I have been an avid reader my entire life. I remember lugging my Richard Scarry Encyclopedia to my Father one day and asking him to read to me. He told me I could read it myself but he would help. And with his tutelage, I was able to sort my way through hippopotamus, kitchen, and school bus. I had just turned four. (And hippopotamus was tough. Thanks Dad. Call it his motivation or perhaps he had reached his saturation point of reading that same book for the 1,000,000 time.)
And my interest in books has maintained from the days of Dr. Seuss to my red leather bound Kindle that I tote with my everywhere. I was initially resistant to an electronic version versus old school, but my crush has turned to love.
I appreciate great authors who can create a vivid picture. The first time I read Love in the Time of Cholera, I remember a single passage and a sentence that resonated with me to the point I remember it to this day, and exactly where I was sitting when I read it.
And I love authors who can make me laugh out loud. Witty, sardonic, clever, sarcastic: I want more.
And I will read everything from EkhartTolle to Julie Powell.
And I remember the first time I read Bridges of Madison County. Call it smarmy, but that book hit me right in the heart at a very wrong time. I was young, and in love. In love the way 19-year-olds do love, all encompassing and powerful. But I was aware that a slow motion process had begun that would derail us. And while I was not experienced enough to fix it, I was naive enough to think I could. And at that time, moving backwards would have been the only way to keep our situation from ultimate fragmentation. And then I read that book, also about all encompassing love, in one afternoon sitting on the front porch swing of his his parents' home. Closing it, I admit I was resistant to accept the changes coming in my life, but was hopeful in that sweet, young girl way that love could exist like the hundred pages I just read.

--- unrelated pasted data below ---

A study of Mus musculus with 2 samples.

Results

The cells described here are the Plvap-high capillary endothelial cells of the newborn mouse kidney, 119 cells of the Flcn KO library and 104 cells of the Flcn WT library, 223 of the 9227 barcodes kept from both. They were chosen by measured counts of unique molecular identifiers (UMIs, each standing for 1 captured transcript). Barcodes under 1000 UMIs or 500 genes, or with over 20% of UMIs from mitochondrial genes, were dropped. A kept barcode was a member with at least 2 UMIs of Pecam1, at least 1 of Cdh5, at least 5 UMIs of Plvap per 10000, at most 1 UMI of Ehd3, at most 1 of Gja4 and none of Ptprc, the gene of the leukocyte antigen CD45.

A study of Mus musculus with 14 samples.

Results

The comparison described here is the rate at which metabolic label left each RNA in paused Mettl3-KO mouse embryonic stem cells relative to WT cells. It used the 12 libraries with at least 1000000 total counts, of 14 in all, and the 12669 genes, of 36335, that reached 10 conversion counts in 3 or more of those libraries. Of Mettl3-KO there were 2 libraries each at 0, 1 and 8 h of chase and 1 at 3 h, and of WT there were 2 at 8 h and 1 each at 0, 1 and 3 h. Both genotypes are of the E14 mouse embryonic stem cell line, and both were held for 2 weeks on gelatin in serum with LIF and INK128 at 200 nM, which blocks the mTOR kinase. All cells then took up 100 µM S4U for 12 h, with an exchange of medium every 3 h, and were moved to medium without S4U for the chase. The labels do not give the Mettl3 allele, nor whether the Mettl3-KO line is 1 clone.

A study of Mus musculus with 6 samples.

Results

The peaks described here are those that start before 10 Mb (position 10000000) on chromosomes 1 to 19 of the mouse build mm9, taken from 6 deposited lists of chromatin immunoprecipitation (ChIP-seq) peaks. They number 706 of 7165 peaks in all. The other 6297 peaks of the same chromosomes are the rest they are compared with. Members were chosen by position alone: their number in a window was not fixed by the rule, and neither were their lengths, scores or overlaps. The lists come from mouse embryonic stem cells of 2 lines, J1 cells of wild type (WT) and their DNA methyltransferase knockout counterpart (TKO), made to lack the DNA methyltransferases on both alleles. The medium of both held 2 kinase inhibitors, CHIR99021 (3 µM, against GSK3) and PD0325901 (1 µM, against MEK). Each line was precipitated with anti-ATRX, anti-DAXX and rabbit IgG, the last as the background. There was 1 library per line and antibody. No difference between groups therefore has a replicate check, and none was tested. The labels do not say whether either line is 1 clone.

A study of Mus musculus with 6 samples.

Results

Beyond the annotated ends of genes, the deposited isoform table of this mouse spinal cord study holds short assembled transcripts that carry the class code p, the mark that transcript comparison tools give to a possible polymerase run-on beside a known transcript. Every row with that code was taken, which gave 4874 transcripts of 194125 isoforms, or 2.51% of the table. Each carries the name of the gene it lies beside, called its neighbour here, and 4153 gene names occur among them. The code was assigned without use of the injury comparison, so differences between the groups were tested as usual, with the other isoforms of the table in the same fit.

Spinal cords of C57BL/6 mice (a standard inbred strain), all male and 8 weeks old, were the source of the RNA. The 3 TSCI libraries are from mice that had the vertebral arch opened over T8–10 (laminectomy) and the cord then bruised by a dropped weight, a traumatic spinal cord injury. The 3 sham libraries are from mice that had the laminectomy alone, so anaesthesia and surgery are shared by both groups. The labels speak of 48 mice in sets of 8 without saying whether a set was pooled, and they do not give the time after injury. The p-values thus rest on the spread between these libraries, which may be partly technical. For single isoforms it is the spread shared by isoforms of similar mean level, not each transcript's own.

Books are a tool, a reference, a light, or a tiny portal into the life of other people. I love it that a book can leave you inspired or infuriated, elated or exhausted. And I remember reading Justin Halpern's hit, Sh*t My Dad Says and will tell you now, I laughed uproariously throughout most of that book. To the point I was choking at certain passages. And then wanted to read those passages to my husband. And then laughed so hard again rereading them, he had to patiently wait. And guess who doesn't like being read to? JMac...Especially when you are not reading but really guffawing and snorting.
And I read A Long Way Gone: Memoirs of a Boy Soldier by Ishmael Beah. The cruelty and violence he was subjected to and the tenacity he had to employ to save his own life was chilling and inspirational.
The era of the electronic book reader came and I thought I would be reluctant to embrace it. I am very fond of the turning of pages and books stacked up on shelves. But I got the Kindle from JMac and loved it. Which was then advanced to the Kindle app on the iPad which I also love. And as much as I appreciate the advance of technology, oh, I do still love a book requiring you to actually turn pages.
Can a book change a life? I don't know. But I do think they can change perspective, insight and maybe even change cynicism.
And now as my little son is plowing his way through books (My favorite 4 year old is now reading 1st grade level books! I will spare you the video but believe me, every one related to us by blood has seen it. ) He wants to have his turn every night to read to us and I hope his interest never wanes. I am grateful my parents lead by example when I was a kid (and forced me to do it myself...thanks again Dad.)